A very British brunch.
I’ve had more than my fair share of Bloody Mary’s over the years and reckon I’ve given most incarnations a go. I love those that are generous in their spicing, I quite like the ones with grated fresh horseradish (as long as they’re served ice cold), I’m not sure about the tablespoon of red wine one, I don’t like the ones made with chilli vodka, and as far as I’m concerned, jalapeños and pickles have no place in a good BM in my book.
And while we’re at it, nor do I think they should be adorned with the kitchen sink. I can go a bacon strip from time to time, but I don’t like to see sliders and hotdogs poking out of the top of them, like some sort of edible hipster cocktail umbrella. Rant over.
We each have our own preferred type, my fave is fairly classic; heavy on the Tabasco and black pepper, light on the Worcestershire Sauce, a big squeeze of fresh lemon and a scrunch of salt, served over lots of ice in a glass with a rim that’s heavy on the celery salt, and extra celery on the side. Sometimes maybe a green olive, if I’m feeling like I’m not getting quite enough salt to harden my arteries entirely.
In case you were wondering, I am of course leaving the vodka out of mine. This is a temporary measure and normal service should resume in about five months time, or whenever he (yep, a little he) arrives. But don’t let me spoil your fun — you booze hounds add a shot of the good stuff to yours. I’m not jealous, honest.
As a brunch cocktail and hangover cure we Brits have really adopted it as our own, and it’s currently having a bit of a resurgence in popularity (“we serve the best Bloody Mary’s in London” is a message on pub A-boards all over the capital) there are a fair few tweaks and new takes to try, one of which we had last week. A small addition but a subtly delicious one — smoked paprika.
Smoked paprika and tomato are great friends, so it’s little surprise that it works in a BM. But given cheese and tomato are friends as old as time and firm British favourites, I’m often a little disappointed that the good old fashioned cheese straw doesn’t make its way on to pub menus more often. For they’re the perfect snack accompaniment to the beloved Bloody Mary, not just eaten with it, but dunked in to it, a bit like dunking biscuits in to tea, just as British, only much more grown up.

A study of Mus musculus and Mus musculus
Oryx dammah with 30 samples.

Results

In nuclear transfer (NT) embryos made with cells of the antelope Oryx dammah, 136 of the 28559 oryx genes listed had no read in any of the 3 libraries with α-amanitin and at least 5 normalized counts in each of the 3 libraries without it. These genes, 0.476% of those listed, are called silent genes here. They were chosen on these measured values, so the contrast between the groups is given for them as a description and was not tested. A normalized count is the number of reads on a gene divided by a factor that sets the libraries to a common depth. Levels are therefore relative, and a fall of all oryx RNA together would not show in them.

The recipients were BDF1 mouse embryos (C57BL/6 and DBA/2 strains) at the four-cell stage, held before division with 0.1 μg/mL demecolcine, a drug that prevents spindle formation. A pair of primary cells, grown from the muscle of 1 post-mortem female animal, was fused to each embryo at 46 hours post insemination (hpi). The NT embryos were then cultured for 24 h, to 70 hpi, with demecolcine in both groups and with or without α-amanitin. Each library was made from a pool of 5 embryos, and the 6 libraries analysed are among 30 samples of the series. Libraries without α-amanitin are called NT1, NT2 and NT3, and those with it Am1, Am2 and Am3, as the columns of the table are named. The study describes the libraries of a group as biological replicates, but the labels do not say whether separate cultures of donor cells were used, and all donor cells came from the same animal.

For the cheese straws — makes around 13 larger ones as I have made here. Cut them finer to make more if you prefer:
This might sound a bit obvious, but the trick with cheese straws is to go heavy on the cheese, and to use cheese that’s quite hard. Parmesan is a ideal, and a strong vintage cheddar works a treat, but if you decide to use it (as I have here) grate the cheddar and leave it out overnight to dry out a bit. You want the straws to be crisp, not slightly damp in the middle as they can be if the cheese is a bit too wet.
- 1 pack of shop bought pre rolled puff pastry — it should weigh about 375g
- 150g finely grated cheese, I used a 50/50 mixture of Parmesan and strong vintage cheddar, mixed together
- A couple of teaspoons of poppy seeds
- 1 egg beaten with a splash of milk
- Plain flour for dusting
For 4 Bloody/Virgin Marys
- 4 shots vodka if going for the BM, no vodka if going for the VM
- 1l tomato juice
- 3 tsp Tabasco
- 2 tsp Worcestershire sauce
- A generous scrunch of sea salt
- 1 tsp ground black pepper
- 1 level tsp smoked paprika
- Juice of one lemon
- A few teaspoons of celery salt
- Celery stalks and lemon segments to serve
- Lots of ice
Method – For the straws
- Preheat your oven to 190°C, and remove your pastry from the fridge 15 minutes before it’s needed.
- Line a baking sheet with baking paper and lightly dust a work surface and rolling pin with plain flour.
- Unroll the puff pastry (it’s the thickness of a £1 coin if you’re wanting to roll your own) with have it in front of you with the long edge facing you.
- On one half of the pastry sprinkle 120g of the cheese, and then fold the pastry over to sandwich the cheese inside. Roll it out a little more using the rolling pin, then cut it in to strips — don’t worry about them being uniform, when they’re wiggly they look even better baked.
- Carefully pick up each of the strips and twist it over a few times, then lay it on the baking sheet, repeating with all of them until done. You may need a couple of baking sheets as you’ll need a little space between each of them.
- Brush them with the egg wash, trying to avoid the cut edges (the egg will stop them flaking up in the oven, seals them shut) and sprinkle the remaining cheese and poppyseeds over the top. Don’t worry about getting the cheese on the baking sheet — these crispy bits are delicious and make the straws even tastier and prettier.
- Chill in the fridge for 15 minutes, then put them in to the oven (one tray at a time) for 18 minutes or until golden brown. Once cooked, remove and leave to cool before eating — I promise it doesn’t take long!
- For the Bloody/Virgin Mary
- While they are baking it’s time to get the BM’s made.
- In a large jug combine all the ingredients apart from the celery salt and ice, and stir to combine.
- When you’re ready to serve, dip the rim of each glass in a little cold water then dip them in a saucer or dish of celery salt, coating the edge. Fill the glasses with ice and top with the BM, finishing with the fresh lemon and celery.